Elizabeth Rosenthal as been burning up the pages of the New York Times with her series on the high cost of health care in the United States. I mentioned her July 1 article on the high cost of childbirth in the U.S. a couple weeks ago.
Rosenthal discussed health care costs on Fresh Air Wednesday. Her response to Terry Gross's question about the cost of childbirth in Europe included one fascinating and unfamiliar phrase:
...most European countries - I mean it's almost hard to even do an economic comparison because most countries feel that childbirth is a right, it's vital for perpetuating your citizenry and your country, and so there really shouldn't be a cost disincentive for having a child. So even though you could - you can come up with a cost for childbirth in other countries, patients almost always aren't actually paying it. It's the cost to the system. So the cost to the system - or the cost if you were coming from outside and for some reason were to have your baby in France or Great Britain, so anyway, the cost in other countries tends to be in the $5,000 range, often much lower - as opposed to, here, 20,000 [emphasis mine; Elisabeth Rosenthal, interviewed by Terry Gross, "'Paying Till it Hurts': Why American Health Care Is So Pricey," NPR: Fresh Air, 2013.08.07].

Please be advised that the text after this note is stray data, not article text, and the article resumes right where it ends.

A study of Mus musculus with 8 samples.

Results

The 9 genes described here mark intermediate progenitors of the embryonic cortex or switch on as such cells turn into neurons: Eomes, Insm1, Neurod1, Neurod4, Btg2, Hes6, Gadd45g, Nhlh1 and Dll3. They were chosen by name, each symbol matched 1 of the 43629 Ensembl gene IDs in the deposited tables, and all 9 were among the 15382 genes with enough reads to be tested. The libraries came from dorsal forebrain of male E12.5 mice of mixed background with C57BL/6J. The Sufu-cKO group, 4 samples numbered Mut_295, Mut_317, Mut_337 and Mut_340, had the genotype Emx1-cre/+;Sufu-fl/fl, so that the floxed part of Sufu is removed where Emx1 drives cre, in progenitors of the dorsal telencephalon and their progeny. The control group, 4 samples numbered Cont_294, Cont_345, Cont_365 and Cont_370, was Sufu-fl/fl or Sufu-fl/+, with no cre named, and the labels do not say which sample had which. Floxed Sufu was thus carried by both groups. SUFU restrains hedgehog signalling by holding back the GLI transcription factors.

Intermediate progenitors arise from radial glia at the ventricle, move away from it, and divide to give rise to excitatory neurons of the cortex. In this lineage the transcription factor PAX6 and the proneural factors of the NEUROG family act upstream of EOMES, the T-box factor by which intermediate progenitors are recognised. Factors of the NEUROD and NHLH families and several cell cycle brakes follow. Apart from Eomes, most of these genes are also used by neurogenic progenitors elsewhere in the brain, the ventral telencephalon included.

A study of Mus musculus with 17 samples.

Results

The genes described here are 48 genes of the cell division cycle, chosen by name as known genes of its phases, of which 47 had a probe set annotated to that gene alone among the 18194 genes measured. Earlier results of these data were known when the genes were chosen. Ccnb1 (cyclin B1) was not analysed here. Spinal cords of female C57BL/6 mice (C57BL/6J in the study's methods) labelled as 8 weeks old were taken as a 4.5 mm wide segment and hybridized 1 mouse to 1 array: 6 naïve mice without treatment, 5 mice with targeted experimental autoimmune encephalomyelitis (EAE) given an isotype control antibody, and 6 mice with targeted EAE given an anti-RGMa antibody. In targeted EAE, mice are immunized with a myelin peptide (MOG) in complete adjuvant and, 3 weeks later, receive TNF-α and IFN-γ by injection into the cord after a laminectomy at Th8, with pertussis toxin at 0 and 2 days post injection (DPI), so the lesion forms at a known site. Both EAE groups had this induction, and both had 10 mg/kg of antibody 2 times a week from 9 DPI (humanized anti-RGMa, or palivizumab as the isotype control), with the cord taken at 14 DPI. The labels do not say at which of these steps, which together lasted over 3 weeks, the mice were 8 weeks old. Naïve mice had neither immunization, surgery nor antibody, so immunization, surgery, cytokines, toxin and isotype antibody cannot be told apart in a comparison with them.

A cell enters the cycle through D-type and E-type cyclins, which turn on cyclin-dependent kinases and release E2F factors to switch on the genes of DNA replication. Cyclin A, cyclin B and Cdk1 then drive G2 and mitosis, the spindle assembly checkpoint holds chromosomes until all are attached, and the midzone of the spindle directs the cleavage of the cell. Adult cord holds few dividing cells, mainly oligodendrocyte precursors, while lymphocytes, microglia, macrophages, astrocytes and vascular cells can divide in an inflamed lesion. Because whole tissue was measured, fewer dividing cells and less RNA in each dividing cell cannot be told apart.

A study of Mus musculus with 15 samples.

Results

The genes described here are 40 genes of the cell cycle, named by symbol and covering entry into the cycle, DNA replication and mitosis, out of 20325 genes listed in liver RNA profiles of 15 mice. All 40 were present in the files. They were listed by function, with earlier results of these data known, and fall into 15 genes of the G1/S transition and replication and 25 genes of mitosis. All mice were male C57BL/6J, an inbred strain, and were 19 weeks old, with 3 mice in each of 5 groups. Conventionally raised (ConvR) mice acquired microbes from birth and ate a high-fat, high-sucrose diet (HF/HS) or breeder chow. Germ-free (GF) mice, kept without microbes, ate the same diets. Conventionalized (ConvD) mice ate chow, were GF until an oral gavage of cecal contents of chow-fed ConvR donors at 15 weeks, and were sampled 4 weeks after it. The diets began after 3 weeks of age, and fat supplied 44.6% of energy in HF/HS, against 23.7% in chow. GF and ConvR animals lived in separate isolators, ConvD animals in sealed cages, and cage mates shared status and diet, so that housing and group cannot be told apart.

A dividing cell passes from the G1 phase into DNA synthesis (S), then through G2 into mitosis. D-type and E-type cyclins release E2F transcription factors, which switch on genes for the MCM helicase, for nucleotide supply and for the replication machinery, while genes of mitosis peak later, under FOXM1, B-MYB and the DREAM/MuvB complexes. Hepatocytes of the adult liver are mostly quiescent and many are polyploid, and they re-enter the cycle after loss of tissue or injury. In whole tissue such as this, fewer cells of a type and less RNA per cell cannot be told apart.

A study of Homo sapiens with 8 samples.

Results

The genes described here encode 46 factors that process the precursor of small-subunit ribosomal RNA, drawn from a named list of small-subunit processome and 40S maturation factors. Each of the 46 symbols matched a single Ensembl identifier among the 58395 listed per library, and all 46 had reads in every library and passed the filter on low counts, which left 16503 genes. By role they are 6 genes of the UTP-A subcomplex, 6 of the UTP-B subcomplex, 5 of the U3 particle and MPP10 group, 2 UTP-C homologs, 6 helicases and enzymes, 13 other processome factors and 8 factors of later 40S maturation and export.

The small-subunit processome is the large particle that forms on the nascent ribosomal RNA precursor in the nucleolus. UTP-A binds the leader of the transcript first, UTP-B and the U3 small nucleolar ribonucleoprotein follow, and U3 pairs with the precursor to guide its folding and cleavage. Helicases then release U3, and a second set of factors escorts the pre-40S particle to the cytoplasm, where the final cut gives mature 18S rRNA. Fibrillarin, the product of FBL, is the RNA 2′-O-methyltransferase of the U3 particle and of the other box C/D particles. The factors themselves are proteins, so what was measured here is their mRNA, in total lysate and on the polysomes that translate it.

Childbirth is a right—I don't think we hear that phrase much in our discussions of women, reproduction, and health care in South Dakota or the U.S. We raise great legislation and fuss about the right to life. We pay rhetorical attention to the product of reproduction, but not so much to the reproducer. We seem more inclined to view childbirth as an obligation; when places like Texas and South Dakota restrict abortion to practical impossibility while rejecting plans to make health care affordable, we seem more bent on enforcing an obligation than in facilitating the exercise of a right.
Does our lingering puritanism about sex prevent us from understanding moral aspects of childbirth that Europeans get more easily? Do we South Dakotans believe women have a right to bear children? If we do, why do we allow the cost disincentives to childbirth that Rosenthal reports to persist?